Pakistan suffered a huge power cut early on Monday following a breakdown in its national electricity grid, the energy ministry said.
Power was out in all the country’s major cities, including the biggest city Karachi, the capital Islamabad as well as Lahore and Peshawar.
Power minister Khurrum Dastagir said the grid failure followed a “frequency variation” in southern Pakistan.
He insisted this was “not a major crisis” and power would be back soon.
In a statement. the energy ministry said that at about 07:30 local time (02:30 GMT) the grid “experienced a loss of frequency that caused a major breakdown”, adding that “swift work” was taking place to revive the system.
Some grids in the country had already been restored and power would be fully restored in 12 hours, Mr Dastagir told Geo TV.
“In winter, the demand for electricity reduces nationwide, hence, as an economic measure, we temporarily close down our power generation systems at night,” he said.
When they were turned on in the morning, “frequency variation and voltage fluctuation” were observed in southern Pakistan “somewhere between Dadu and Jamshoro” and subsequently “power generating units shut down one by one”, he told the TV channel.
It means that across the country, traffic lights are down, fans have stopped and lights are off.
Many in Pakistan are used to dealing with fluctuating power supplies and load shedding – where electricity to some areas is temporarily reduced in order to prevent the failure of the entire system – is common.
Businesses, industries and homes often have their own generators which kick in when the electricity is cut.
Officials at Lady Reading Hospital in Peshawar, capital of Khyber Pakhtunkhwa province, told the BBC that hardly any department had been affected by the power cut because generators have been used to provide electricity to every department, including the emergency wards and intensive care units.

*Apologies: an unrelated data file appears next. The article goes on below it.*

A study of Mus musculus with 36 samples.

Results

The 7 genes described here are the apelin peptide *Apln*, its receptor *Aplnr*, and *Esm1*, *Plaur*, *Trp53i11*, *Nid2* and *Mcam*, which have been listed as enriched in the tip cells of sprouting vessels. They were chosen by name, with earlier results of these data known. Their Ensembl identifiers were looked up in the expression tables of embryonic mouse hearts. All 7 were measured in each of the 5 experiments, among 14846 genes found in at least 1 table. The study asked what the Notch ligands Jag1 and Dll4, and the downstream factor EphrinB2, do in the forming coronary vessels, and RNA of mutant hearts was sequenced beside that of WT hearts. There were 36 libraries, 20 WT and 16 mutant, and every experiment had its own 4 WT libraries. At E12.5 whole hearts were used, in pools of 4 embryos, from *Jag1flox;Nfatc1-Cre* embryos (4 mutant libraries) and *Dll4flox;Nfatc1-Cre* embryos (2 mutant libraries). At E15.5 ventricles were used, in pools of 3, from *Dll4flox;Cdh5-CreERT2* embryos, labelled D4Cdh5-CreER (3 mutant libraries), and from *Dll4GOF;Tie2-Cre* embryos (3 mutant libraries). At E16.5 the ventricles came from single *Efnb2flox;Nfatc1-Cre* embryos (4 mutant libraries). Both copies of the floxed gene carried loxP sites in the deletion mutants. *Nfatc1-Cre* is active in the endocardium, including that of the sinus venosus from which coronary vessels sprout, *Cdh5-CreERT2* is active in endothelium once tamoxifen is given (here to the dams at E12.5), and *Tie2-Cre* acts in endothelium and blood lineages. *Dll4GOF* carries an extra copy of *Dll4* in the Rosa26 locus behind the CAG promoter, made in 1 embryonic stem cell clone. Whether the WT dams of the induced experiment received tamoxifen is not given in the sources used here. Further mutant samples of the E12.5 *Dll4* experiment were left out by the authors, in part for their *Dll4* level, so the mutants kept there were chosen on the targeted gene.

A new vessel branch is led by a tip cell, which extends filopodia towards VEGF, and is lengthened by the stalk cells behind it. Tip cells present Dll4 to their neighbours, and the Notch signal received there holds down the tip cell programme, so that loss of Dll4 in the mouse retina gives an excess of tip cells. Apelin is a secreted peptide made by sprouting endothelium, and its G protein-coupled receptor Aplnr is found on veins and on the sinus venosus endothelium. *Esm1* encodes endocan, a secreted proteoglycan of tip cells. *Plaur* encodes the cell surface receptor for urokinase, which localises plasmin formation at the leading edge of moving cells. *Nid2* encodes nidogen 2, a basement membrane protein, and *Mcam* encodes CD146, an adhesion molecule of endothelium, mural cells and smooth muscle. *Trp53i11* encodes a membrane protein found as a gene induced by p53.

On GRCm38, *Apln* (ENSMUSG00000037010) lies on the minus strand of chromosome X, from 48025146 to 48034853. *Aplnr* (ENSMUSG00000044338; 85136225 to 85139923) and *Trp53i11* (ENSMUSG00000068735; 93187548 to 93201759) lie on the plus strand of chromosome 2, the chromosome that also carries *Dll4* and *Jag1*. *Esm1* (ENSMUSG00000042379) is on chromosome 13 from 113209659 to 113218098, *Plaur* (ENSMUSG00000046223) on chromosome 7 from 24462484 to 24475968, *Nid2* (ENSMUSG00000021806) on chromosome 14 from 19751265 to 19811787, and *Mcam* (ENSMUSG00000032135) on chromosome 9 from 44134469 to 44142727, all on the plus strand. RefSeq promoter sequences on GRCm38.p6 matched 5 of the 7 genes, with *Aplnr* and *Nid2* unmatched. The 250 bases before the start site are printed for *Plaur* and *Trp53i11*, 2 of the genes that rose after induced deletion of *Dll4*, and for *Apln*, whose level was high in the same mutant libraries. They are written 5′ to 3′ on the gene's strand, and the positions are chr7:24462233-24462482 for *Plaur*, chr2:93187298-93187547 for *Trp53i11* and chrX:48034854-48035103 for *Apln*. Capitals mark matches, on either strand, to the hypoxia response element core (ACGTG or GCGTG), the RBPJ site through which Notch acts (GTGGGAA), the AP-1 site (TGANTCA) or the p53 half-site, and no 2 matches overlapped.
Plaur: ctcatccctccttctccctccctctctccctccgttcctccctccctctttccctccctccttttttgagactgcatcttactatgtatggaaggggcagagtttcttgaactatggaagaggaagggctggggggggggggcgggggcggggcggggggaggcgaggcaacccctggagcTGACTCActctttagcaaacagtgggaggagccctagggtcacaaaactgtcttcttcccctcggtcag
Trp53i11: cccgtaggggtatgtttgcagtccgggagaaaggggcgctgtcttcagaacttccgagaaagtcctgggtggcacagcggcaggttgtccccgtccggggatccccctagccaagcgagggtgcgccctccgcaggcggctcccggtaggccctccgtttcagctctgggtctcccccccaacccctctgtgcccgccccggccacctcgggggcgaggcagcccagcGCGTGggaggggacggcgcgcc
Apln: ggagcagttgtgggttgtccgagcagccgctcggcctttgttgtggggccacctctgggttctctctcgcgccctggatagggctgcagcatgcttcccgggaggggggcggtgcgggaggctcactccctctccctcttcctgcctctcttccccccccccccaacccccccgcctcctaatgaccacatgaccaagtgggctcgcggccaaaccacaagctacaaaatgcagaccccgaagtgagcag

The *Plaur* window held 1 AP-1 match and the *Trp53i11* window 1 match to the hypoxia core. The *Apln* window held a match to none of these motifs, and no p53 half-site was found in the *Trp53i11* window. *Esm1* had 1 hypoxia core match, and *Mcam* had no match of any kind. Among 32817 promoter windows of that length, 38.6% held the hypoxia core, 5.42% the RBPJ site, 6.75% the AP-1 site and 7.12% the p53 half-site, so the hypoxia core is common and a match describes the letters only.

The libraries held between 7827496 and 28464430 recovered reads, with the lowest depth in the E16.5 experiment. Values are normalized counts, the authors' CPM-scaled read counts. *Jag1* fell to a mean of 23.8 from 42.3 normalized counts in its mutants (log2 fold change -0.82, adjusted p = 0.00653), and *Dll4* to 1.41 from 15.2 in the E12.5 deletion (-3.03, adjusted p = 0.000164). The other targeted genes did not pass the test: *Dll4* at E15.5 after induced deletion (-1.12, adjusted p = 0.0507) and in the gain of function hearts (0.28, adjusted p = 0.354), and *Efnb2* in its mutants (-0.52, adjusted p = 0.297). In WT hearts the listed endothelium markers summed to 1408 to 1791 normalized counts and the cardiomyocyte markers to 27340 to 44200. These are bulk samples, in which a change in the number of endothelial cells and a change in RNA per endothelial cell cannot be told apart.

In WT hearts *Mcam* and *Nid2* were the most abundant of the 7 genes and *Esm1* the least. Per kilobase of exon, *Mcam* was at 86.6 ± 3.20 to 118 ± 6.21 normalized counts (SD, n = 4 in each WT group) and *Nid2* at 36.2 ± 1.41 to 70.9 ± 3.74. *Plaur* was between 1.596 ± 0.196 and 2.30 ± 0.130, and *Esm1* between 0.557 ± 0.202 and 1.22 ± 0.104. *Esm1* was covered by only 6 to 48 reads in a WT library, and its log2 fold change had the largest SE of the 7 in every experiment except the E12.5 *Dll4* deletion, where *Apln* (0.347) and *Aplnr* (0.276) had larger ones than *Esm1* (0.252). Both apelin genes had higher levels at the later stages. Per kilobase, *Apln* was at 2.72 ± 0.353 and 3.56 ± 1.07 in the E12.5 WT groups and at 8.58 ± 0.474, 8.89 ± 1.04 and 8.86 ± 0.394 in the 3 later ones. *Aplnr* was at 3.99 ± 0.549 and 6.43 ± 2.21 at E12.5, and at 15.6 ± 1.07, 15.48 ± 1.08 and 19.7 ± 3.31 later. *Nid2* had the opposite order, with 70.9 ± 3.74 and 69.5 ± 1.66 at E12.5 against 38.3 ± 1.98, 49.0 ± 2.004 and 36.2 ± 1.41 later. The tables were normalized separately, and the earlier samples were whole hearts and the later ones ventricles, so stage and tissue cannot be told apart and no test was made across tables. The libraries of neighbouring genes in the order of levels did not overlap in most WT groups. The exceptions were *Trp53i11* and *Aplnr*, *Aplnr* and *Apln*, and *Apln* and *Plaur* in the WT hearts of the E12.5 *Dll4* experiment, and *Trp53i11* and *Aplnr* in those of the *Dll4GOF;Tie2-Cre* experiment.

However, while hospitals and larger industries may have bigger generators, other smaller organisations or private homes will not necessarily have enough power to last for many days.
Earlier this month the government ordered all malls and markets to shut by 20:30 and restaurants by 22:00 under a new energy saving plan.
The cabinet said that this was expected to save the country around 62bn Pakistani rupees ($270m; £220m). Federal departments have been told to reduce their electricity usage by 30%.
Pakistan generates most of its power using imported fossil fuels.
As global energy prices have increased in the last year, further pressure has been put on the country’s finances and its foreign reserves which it needs to pay for energy imports.
Gaza truce extended
Hamas and Israel have announced the extension of a truce deal minutes before it was due to expire.
The Israeli military says the six-day truce in Gaza will continue in light of mediators’ efforts to continue the process of releasing hostages.
The ceasefire was extended for a day after Hamas gave Israel a list of women and children hostages to be released on Thursday.
Sixteen Israeli and foreign captives freed from Gaza on Wednesday and 30 Palestinian female and child prisoners were released from Israeli jails early on Thursday morning.
Fmr. US Secretary of State – Kissinger, no more
Former US Secretary of State Henry Kissinger has died aged 100 at his home in Connecticut.
His consulting firm Kissinger Associates announced his death in a statement on Wednesday evening, but did not disclose a cause.
It said he would be interred at a private family service, to be followed at a later date by a public memorial service in New York City.
Kissinger served as America’s top diplomat and national security adviser during the Nixon and Ford administrations and energetically pursued the policy of détente which thawed relations with the Soviet Union and China
Kissinger was both awarded the Nobel Peace Prize and roundly condemned as a war criminal as well.
Kissinger had been active past his centenary, attending meetings in the White House, publishing a book on leadership styles, and testifying before a Senate committee about the nuclear threat posed by North Korea. In July 2023 he made a surprise visit to Beijing to meet Chinese President Xi Jinping.
World’s biggest iceberg on the move
The world’s biggest iceberg is on the move after more than 30 years being stuck to the ocean floor.
The iceberg, called A23a, split from the Antarctic coastline in 1986. But it swiftly grounded in the Weddell Sea, becoming, essentially, an ice island.
At almost 4,000 sq km (1,500 sq miles) in area, it’s more than twice the size of Greater London.
The past year has seen it drifting at speed, and the berg is now about to spill beyond Antarctic waters.
A23a is a true colossus, and it’s not just its width that impresses.
This slab of ice is some 400m (1,312 ft) thick. For comparison, the London Shard, the tallest skyscraper in Europe, is a mere 310m tall.
A23a was part of a mass outbreak of bergs from the White Continent’s Filchner Ice Shelf.
At the time, it was hosting a Soviet research station, which just illustrates how long ago its calving occurred.
Moscow despatched an expedition to remove equipment from the Druzhnaya 1 base, fearing it would be lost. But the tabular berg didn’t move far from the coast before its deep keel anchored it rigidly to the Weddell’s bottom-muds.